CAPTURING CULTURE: Playwright Peter Voges writes about overlooked 
middle-class coloured life. Picture: Cindy Waxa/African News Agency (ANA)
Cape Town - Deep lines formed above Peter Voges’ stark white eyebrows, and his milky brown eyes stared ahead of him as he explained the shock he endured while watching his play Henrietta with Love being performed for the first time.

“When I saw it I was shocked. I gave Lee-Ann van Rooi performing rights, but told her not to tamper with it. She practically rewrote it. She said she had to modernise it It’s set in 1946 on purpose.

“All my work is about preserving culture and identity. I need my people to hear their stories. When I wrote Henrietta with Love, I wrote it with someone in mind. When you see it on stage... it’s so sad,” said Voges.

Voges, 81, is a rising playwright who started writing at the age of 79, with a pen on an exam pad in his flat in Fish Hoek.

He received acclaim and recognition for Henrietta with Love, including awards from the Western Cape Cultural Affairs Department for contributing to the literary arts.

Voges is now working on four plays based on women, their struggles and the experience in the lives of “middle-class coloureds”, which he said were largely untold.

He spoke of the pain he endured by others who judged and dismiss him: “Middle-class coloured is not township-bound and Afrikaans-speaking. My people, our people are always misunderstood. Middle- class coloured people have a culture which is getting lost.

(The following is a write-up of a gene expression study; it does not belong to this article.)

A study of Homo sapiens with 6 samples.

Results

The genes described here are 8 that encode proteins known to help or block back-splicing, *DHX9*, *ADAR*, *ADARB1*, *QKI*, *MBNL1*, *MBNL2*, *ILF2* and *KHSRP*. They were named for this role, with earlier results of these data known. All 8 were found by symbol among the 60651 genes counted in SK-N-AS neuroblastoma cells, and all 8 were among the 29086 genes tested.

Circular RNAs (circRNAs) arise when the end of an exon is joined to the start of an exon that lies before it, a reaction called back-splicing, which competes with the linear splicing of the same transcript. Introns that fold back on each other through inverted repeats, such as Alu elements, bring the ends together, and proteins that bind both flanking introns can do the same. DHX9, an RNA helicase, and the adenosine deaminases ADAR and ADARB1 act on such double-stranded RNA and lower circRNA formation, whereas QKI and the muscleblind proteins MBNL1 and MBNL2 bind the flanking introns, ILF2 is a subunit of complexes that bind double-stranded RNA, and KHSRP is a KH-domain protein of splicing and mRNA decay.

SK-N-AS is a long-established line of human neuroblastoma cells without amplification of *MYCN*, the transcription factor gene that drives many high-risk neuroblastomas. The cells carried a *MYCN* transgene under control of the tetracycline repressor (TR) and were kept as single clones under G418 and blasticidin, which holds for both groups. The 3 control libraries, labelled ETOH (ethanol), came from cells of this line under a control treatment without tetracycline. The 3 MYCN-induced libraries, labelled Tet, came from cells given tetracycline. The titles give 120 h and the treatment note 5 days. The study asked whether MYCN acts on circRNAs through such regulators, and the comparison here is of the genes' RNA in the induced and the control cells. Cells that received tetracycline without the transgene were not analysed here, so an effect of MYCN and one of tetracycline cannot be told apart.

“When someone doesn’t know who you are, they see you and immediately swing into Afrikaans. Someone asked me what I am. I told her coloured, and she said aren’t all coloured people Muslim?

“When you hear about coloured people, you hear about Manenberg; you don’t hear anything else. You don’t hear about middle and upper class,” said Voges.

One of the plays he is working on is about the complexities of life in the coloured culture. The play, One for the Road, follows a battered woman whose drinking becomes an addiction that consumes her.


Voges, 81, is a rising playwright who started writing at the age of 79, with a pen on an exam pad in his flat in Fish Hoek. Picture: Cindy Waxa/African News Agency (ANA)

Voges explains that while running around looking for her next drink, she runs straight into a fist, and between the physical abuse she endures and the drinking she turns to, she forgets about her children.

“Her grandmother helps her out and begins to cleans up her home.

“She wakes up in a strange environment, but it’s the same house, just clean. It’s a wake-up call for her.

Another play Voges is working on, Aunty Always Says, recaps his relationship with his mother’s eldest sister, who had dementia. Voges says the play follows Aunty’s experience with war and personal life stories of forced removals in District Six while dealing with the delicacies of dementia.

The third play he has in the pipeline is Margery, and partly tells his own story of being victimised and ill-treated by others.

“I was victimised, and still am. People are very nasty to me Margery is a victim to circumstances. She is ashamed of her name and tries to hide it by changing her life, giving up her real name, Desdemona Esmeralda Skitakat.”

The fourth play Voges is working on is based on the Cape coloured corps, and details the experiences of four coloured men, from various areas in Cape Town, who heed the call for new army recruits.